After trekking for almost 6 hours, when we finally reached Triund, everyone started making Instagram reels instantly. People became so busy with their smartphones that they forgot why we trekked all this way. Does it ring a bell?
Well, they wanted to take a ‘picture’ of the memory instead of actually experiencing it. They put in all the effort and time to make a reel. Still doesn’t ring a bell?
Try observing people around you on your next trip. You will notice how they are busy uploading photos while missing out on the memorable sunset.
Is the definition of wanderlust now restricted to Instagram captions and Snapchat filters? Are people just traveling to post pictures on their social media and Tinder profiles? What happened to ‘living in the moment?
The Post-Instagram World: Are We Traveling for Ourselves or Our Instagram Account?
As an avid traveler, I always thought I would travel because I wanted to. Not to brag about it on social media or make my Tinder profile look cooler. But in the world of Instagram reels, most of us seek validation from others.
We make sure to post stories so we don’t feel inferior. We want the world to think that we are living our best life. And in the meantime, we forget who we are actually living for—ourselves.
You open any dating app, and you will find profiles filled with ‘I am a traveler or ‘I am seeking a travel buddy’ kind of bios. Or the cringy ‘traveler for life’ filters on Snapchat. All these trends have changed the concept of traveling.
Being a 90s kid, I may not have seen the pictures from my parent’s holidays, but I have heard many stories that are so close to my heart. This is precisely what traveling means. Creating memories together or alone. Not a travel ad film for your Facebook.
We travel to refresh our minds, rejuvenate our souls, and discover who we are. Not to make our lives look similar to that of the Kardashians. Ask yourself, when was the last time you truly enjoyed a sunset and not captured it? We are a generation so busy trying to make Instagram stories that we forget to live in the real ones.
There is nothing wrong with clicking pictures during your trip. They give us memories. But overdoing them leads to losing the purpose of traveling.
How will we experience the culture or make new friends if we are busy updating our Instagram stories? Are we just going to record the concert through our latest iPhone or enjoy its vibe?
I remember traveling in the early 2000s. When I explored the world through my eyes and not my camera lens. Now, it’s more about the pictures I clicked rather than the experienced I had.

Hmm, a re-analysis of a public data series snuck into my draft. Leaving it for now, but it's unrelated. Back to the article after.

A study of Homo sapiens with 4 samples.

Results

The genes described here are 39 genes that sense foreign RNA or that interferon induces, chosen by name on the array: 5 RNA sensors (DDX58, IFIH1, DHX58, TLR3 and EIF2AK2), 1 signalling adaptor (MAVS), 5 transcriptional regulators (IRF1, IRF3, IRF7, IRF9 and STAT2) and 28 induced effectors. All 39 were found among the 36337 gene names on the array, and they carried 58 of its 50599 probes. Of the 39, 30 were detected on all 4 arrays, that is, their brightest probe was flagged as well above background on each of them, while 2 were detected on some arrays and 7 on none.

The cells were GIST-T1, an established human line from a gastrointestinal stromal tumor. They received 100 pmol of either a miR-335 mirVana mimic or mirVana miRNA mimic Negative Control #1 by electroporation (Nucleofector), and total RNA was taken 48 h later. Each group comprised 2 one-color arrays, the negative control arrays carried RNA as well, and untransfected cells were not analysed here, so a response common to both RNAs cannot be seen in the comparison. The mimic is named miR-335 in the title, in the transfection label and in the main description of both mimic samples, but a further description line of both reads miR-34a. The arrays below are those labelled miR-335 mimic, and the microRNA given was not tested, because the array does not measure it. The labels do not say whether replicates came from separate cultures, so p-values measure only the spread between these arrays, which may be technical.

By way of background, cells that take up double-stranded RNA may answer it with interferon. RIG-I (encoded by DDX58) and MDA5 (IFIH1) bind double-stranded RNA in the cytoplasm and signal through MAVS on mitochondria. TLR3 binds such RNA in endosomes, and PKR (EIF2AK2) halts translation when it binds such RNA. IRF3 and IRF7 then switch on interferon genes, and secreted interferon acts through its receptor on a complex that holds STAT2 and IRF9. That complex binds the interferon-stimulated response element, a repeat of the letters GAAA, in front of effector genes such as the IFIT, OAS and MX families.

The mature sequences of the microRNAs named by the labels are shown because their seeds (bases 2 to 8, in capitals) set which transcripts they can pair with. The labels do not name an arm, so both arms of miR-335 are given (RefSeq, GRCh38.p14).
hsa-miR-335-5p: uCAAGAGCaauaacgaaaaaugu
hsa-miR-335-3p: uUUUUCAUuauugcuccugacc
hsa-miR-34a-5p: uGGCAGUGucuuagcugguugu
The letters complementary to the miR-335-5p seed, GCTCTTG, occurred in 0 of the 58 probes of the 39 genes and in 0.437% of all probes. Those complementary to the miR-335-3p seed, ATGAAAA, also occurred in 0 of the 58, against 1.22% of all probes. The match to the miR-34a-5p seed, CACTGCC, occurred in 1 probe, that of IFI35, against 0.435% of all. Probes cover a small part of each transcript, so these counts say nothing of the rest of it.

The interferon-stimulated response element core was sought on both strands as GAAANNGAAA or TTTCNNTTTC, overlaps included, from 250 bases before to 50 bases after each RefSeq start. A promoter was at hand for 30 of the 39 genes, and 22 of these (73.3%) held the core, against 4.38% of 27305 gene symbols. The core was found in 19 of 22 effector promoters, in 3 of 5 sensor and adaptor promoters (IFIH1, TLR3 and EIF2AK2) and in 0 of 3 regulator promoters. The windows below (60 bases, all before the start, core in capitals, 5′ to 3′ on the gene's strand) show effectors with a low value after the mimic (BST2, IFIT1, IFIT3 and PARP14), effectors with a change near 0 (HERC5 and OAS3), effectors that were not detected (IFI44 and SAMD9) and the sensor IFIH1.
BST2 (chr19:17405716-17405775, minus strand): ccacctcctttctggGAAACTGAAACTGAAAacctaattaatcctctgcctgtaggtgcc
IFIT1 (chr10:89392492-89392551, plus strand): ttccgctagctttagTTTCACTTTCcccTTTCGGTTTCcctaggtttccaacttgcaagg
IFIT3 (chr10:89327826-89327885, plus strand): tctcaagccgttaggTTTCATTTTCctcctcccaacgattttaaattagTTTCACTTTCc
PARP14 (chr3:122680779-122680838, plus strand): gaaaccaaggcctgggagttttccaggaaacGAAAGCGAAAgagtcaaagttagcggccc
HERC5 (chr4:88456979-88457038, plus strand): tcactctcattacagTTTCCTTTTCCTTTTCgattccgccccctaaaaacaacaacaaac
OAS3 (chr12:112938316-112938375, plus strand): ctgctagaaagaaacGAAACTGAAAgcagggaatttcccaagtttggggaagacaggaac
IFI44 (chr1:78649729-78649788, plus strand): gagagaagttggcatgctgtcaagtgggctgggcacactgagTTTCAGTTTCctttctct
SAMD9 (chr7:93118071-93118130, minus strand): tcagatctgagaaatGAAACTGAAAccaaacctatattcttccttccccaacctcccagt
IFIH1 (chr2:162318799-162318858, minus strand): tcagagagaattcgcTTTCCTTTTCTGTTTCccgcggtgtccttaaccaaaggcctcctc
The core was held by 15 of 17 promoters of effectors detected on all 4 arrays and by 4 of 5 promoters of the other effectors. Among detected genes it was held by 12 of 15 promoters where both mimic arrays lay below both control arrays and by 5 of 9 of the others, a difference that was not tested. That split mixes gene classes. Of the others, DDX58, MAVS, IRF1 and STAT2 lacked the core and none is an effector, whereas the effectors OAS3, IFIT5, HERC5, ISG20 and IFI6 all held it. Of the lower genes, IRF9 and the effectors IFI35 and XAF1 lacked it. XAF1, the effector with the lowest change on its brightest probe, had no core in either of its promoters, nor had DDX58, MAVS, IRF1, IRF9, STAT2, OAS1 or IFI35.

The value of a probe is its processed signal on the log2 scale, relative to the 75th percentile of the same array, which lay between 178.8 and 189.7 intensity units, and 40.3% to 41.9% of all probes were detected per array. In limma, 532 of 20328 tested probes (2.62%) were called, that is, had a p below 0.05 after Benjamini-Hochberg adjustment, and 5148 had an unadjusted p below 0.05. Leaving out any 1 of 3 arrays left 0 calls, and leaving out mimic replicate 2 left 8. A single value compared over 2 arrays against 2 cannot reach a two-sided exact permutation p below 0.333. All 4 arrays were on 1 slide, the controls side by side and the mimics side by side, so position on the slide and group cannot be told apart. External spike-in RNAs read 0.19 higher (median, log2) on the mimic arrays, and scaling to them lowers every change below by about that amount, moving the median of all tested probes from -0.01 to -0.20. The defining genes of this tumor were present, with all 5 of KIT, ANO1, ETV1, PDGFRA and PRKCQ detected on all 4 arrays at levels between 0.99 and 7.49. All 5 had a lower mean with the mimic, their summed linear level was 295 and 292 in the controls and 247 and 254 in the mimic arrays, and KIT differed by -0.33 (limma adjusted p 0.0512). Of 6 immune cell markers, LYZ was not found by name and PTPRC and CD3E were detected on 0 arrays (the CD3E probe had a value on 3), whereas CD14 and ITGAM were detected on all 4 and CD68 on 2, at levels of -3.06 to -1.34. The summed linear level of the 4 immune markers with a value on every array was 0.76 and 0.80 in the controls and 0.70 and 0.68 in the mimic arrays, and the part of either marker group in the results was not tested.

Reality hit me hard when I forgot my camera batteries during my trip to Goa. The thought of not being able to click photos drove me berserk. How will I tell the world the awesomeness of this beach? How will I get a reel in this outfit?
After calming down, I decided to go and explore Goa like we were in the 90s. No pictures or videos but just me and the place. The result? I experienced Goa like never before and genuinely enjoyed the sunset rather than making a boomerang.
Furthermore, I truly relished my meals without clicking a hundred pictures. I felt rejuvenated. Not my Instagram handle, just me.
Let’s Put the Wonder Back in ‘wanderlust’
Traveling is more about living in the moment than capturing it. People who live behind a camera don’t have much to actually say about their trip. Traveling is a meditation meant to reduce stress, not increase it.
How will you detox in the mountains when you are constantly searching for the Wi-Fi? What memories will you make if you are busy editing your reels? Think about it.
Post the pandemic, we are already living in a world full of stress and anxiety. Traveling is one of a few things that allow us to rejuvenate. Why spend that time worrying about your IG feed?
But then again, how will we feed our Instagram egos if we leave our phones and cameras behind? Nowadays, traveling has become a commercialized part of ‘image capitalism.’ You may not get the matches if you don’t have 10 travel pictures on your dating profile.
But hey, you will be surprised to know that thousands of people still don’t post their travel stories. They don’t spend their vacation clicking pictures and instead enjoy the views. Yes, they very much exist. And there is a lot we can learn from them.
So stop impressing the people you don’t know, quit seeking validation from people who don’t matter and start traveling like a real person. You are not a social media machine.
What’s the Purpose of Traveling?
Everyone travels for a different purpose. Some travel to seek solitude, while others travel to make new friends. For many people, traveling means finding themselves; for others, it means getting lost in the world, away from reality.
While traveling can have numerous purposes, the most common objective is exploring. To discover new places, learn about new cultures, and change your perspective for the better.
When you return home from a journey, your soul is filled with memories. And don’t let the power of social media take those memories away from your soul. They are precious, keep them safe.
American musician and traveler Henry Rollins, known for picking a random spot on the map and traveling to that place, once said, “I beg young people to travel. If you don’t have a passport, get one. Take a summer, get a backpack and go to Delhi, go to Saigon, go to Bangkok, go to Kenya. Have your mind blown. Eat interesting food. Dig some interesting people. Have an adventure.”